Bill Warren has spent years searching for shipwrecks, usually in the hope of finding treasure. But his next mission is to locate and raise a much more contemporary object that is bound to place him at the center of controversy: the body of Osama bin Laden.
Warren hopes to depart for the Arabian Sea in 2-3 weeks. He does not have a PR team and his expedition has not been widely publicized, but it has received exposure from some major networks -- including ABC -- in the United States and abroad.
The mission, once it gets started, will stir more emotions and attract a flood of criticism. But as the shipwreck explorer expert reiterrated recently on a Southern California radio show, he wants to raise the body to produce evidence that the former Al Qaeda leader was, in fact, killed and buried at sea by sailors aboard the USS Carl Vinson.
Of course, Warren also acknowledged that he intends to profit from the expedition by various means, including a possible sale of the body to Bin Laden family members.
In a telephone interview, Warren revealed that he has been contacted, via email, by people claiming to be relatives of the infamous terrorist, who was killed recently by U.S. special forces. "They didn't identify who they were, but they said if you can find the body we would make it worth your while," Warren said. "There were no dollar figures."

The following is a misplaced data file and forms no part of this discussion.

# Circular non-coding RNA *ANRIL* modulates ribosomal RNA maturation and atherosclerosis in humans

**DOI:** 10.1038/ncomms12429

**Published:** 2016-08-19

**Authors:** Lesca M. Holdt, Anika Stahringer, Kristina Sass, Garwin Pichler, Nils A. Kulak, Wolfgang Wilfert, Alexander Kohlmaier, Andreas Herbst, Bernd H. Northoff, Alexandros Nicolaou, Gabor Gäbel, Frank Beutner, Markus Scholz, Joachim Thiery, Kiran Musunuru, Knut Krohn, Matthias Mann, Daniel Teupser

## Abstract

Warren's salvage highlights include locating the renowned treasure wreck, Verelst, off Mauritius; and the British ship, Port Royal, which carried would-be U.S. colonists and sank in 1670 off the Bahamas.
The "Hunt for the Proof" Bin Laden expedition, he said, will involve a documentary team and renowned DNA expert Ryan Lehto. Lehto confirmed by telephone that he has been in touch with Warren and intends to make the voyage. The scientist added that if a body or even its teeth are found, he'd be able to learn whether the body is that of Bin Laden.
Warren said he has obtained what he believes to be credible information regarding the approximate area where the burial-at-sea occurred.
His team will use high-tech sonar scanners that deliver computerized colored visuals, which reveal foreign objects on the ocean floor. The body is said to be in a rubber- or lead-lined bag.
"If we see what looks like a cigar on the bottom, it would probably be his body," Warren said, adding that a remotely operated vehicle would be used to retrieve the body.
The explorer, who believes his chances of locating the body are greater than 50%, is hoping a documentary on this unusual and macabre expedition will serve as "a springboard" to a reality-type TV series about his salvaging adventures.
As the yet-to-be announced departure date draws closer, however, he admits to experiencing bouts of paranoia.
"I'm hoping I don't have problems with Al Qaeda coming out there, or even here," said Warren, who lives in Southern California. "And with my government ... I know the government doesn't want me out there doing it, but I don't know if legally they can stop me."
Warren added that it could take days or weeks to locate the body, and that he's still not sure what he'll do with the body if it is located and raised.
"I think this is a great mystery and I'm going to find out -- if we can find him -- if it's really him, through photographs, video and DNA," the explorer said. "After that I don't know."